Noble in defeat
Part of the Zeitgeist entity once had the enormous privilege of lunching at the Friar’s Club in New York while sitting between the publisher of the The New Yorker and the CEO of the Barnes and Noble book empire. Zeitgeist begged the latter to bring the stores to the UK, but he said it wasn’t something they were looking to do. Archrival Borders did make the leap across the Atlantic, with unfortunate results. Now Barnes and Noble – which this week The Economist called “the world’s leading bookstore” is suffering a similar fate Stateside and is now up for sale, as Brandchannel reported this week,
Despite an aggressive move to compete with Amazon’s Kindle by launching its own e-book reader, the Nook, with branded e-boutiques in every Barnes & Noble store, the news that B&N is itself for sale may sound the death knell for physical bookstores of any size. Bittersweet, ironic revenge for Meg Ryan’s You’ve Got Mail character?
Zeitgeist has previously mentioned an excellent article written recently in The New Yorker that details the hopes and dreams the publishing industry is putting on the iPad. For booksellers, however, the matter is altogether different. Barnes & Noble has, like Borders and even Waterstone’s, slowly lost ground to its online peers – just as the retail ground of the stores was increasingly lost to magazines, music and DVDs – where people can either buy books through places like Amazon, or read equivalent content for free (the newspaper industry has suffered from similar conflicts). OgilvyIntel tweeted recently that Amazon sold more e-reader books than “real” hardcover books in the last 3 months.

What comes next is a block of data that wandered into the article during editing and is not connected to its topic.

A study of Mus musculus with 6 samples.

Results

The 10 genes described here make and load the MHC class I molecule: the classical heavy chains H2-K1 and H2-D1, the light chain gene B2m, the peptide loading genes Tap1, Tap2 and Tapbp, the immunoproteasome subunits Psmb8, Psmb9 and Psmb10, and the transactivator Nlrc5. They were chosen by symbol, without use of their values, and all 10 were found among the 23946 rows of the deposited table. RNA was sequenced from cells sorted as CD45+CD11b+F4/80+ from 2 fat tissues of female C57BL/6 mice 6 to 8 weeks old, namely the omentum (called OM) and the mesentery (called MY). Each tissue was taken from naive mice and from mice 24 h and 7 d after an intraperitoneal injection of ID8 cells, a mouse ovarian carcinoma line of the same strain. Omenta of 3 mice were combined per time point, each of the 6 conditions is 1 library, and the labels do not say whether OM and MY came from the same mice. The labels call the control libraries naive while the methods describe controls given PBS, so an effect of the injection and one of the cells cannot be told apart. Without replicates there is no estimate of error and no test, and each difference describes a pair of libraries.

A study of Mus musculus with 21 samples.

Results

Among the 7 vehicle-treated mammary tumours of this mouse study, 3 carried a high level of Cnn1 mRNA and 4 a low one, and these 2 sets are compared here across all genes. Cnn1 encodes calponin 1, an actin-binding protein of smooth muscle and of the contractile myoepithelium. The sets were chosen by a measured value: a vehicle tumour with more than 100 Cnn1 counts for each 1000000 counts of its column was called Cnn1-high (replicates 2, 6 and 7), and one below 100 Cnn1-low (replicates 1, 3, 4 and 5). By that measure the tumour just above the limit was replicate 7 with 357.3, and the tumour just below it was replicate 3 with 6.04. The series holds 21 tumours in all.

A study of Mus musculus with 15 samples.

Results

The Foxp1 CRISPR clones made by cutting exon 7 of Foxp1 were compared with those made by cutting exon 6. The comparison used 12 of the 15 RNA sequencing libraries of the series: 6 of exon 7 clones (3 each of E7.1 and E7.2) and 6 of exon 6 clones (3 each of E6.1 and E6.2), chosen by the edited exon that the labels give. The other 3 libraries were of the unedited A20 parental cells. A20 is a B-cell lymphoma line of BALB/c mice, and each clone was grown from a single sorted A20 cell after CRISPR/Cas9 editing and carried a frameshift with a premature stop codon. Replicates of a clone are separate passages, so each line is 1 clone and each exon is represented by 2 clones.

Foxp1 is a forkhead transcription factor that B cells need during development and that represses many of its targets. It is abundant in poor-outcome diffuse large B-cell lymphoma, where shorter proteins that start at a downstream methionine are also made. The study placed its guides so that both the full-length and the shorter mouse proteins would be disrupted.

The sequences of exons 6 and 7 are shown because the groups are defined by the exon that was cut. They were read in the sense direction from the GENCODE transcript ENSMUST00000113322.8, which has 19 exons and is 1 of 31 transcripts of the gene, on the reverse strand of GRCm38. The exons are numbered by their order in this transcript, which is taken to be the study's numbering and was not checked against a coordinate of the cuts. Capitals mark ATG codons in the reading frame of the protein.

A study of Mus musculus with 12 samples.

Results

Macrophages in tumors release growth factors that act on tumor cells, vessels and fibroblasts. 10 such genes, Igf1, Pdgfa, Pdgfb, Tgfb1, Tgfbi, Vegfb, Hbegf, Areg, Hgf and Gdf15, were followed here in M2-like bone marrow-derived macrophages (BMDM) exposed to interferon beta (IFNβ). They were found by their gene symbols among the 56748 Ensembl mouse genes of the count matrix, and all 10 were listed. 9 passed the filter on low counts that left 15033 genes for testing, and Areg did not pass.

Independent bookshops will seek to benefit from the fall of these giants, but it was giant discount chains like Tesco in the UK and Costco in the US that also helped contribute to their demise. BN has a history of innovation according to The Economist, “advertising books on television, discounting the price of bestsellers and forging partnerships with… Starbucks”. Continuing to survive will requite more innovation. But turning bookstores in entertainment hubs equivalent to an HMV has turned away the truly dedicated bibliophiles that kept those bricks-and-mortar stores going in the first place. As an unspoken rule, 20% of your customers account for 80% of your revenue generation. Barnes & Noble, like others, lost its core audience in a desperate chase for the masses, leading to brand dilution. And though magazine publications are very happy with the impressions and revenue they are receiving from the soft copy versions of their content currently appearing on many an iPad, for booksellers it only makes the situation murkier, as Brandchannel concludes,
[T]he very definition of what constitutes a “book” is redefining business models — and eliminating some businesses altogether — as a cultural and technological shift occurs right in front of our eyes.